Oct 4, 2007
      every iteration. This arrangement forces the teams to develop the
      expertise required to work on multiple layers of the application. In
      my experience horizontal teams to create communication and
      synchronization overhead, and favor the tendency to develop a few
      experts on certain parts of the system who in turn my become
      bottlenecks. Another issue to consider is that is harder to deliver
      full working features at the end of every iteration when a team is not
      fully empowered to complete those features

      > * Splitting of backlog items - What is the preferred size of an item? How do we split parts which involves all subsystem for final solution of the function (depending on the answer above, it might be natural...)? Is it a good thing to split an item and have very little expectations on the first sprint to proof test the design (i.e focus on system design, only implementing the easiest story, and not focus on deliverable functionality?)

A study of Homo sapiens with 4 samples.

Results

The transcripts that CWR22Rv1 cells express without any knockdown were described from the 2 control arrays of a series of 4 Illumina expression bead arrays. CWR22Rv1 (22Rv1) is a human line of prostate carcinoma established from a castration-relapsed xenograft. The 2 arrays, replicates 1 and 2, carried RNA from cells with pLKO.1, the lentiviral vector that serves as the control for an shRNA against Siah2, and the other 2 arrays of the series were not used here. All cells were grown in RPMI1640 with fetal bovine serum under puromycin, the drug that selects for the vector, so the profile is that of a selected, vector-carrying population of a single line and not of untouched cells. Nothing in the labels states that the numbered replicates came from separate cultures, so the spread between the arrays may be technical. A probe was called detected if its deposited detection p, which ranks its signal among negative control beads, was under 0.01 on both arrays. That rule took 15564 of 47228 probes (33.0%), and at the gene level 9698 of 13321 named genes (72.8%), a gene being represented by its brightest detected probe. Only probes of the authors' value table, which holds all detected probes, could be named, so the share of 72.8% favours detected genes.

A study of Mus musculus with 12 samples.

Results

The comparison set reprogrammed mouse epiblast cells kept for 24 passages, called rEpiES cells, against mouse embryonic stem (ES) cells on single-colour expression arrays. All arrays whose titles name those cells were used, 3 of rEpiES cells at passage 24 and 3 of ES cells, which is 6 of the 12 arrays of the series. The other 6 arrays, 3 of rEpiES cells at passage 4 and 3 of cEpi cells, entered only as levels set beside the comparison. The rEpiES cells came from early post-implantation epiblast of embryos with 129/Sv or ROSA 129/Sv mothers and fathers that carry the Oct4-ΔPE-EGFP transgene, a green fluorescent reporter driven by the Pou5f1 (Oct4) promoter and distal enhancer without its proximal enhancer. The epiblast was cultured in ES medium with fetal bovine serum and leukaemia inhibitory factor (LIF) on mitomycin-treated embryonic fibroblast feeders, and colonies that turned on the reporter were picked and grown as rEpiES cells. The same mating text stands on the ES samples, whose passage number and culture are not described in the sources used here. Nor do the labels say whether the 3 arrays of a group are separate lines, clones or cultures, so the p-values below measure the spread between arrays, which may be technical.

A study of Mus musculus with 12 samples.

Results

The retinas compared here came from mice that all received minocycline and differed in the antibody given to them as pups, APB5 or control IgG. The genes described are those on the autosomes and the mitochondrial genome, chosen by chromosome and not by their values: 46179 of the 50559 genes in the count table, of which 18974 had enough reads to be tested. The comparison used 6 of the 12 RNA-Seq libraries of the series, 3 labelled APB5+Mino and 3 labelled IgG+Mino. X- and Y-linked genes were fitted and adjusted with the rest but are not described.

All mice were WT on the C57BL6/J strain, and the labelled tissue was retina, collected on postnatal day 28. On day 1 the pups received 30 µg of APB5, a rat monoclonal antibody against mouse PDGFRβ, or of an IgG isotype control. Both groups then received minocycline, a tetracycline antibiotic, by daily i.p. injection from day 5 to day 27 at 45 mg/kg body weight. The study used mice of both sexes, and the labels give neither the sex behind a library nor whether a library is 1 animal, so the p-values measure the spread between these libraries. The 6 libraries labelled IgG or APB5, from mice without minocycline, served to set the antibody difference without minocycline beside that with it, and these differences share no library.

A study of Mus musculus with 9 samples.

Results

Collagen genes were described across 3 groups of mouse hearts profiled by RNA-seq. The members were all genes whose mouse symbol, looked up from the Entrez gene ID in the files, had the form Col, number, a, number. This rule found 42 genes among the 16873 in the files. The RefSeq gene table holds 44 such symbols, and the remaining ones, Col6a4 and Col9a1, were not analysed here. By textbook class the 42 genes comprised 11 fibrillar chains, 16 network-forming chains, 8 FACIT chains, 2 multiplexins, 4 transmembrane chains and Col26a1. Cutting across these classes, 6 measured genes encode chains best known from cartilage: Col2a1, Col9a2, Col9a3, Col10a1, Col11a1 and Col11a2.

you know about them and some other factors. I prefer sprint backlog
      items to be small enough for a pair to finish in a couple of days so
      a big product backlog items may need to be split before the team picks
      it up for a given sprint.

      > * Regression test - We are in a situation where we initially wants a lot of manpower for regression test, and to do the same at the end. Initially, we want to test that all functions are working before we start changing things, and then we want to test before delivery that everything works together. First gut feeling is to make 1 or two scrum teams responsible for this consisting of 4 developers and 3 testers. When the regression test is done, scrum teams are reconfigured... We have a lot of automatic test suites, but since we are deploying on hardware that needs physical interaction to work (i.e bill readers), we can not to system test without people. Any thougths?
      have stubs for the externals systems, so that you can continuously
      execute tests against them. That will minimize surprises at the time
      you manually test against the real systems


      > All input at this stage is welcome!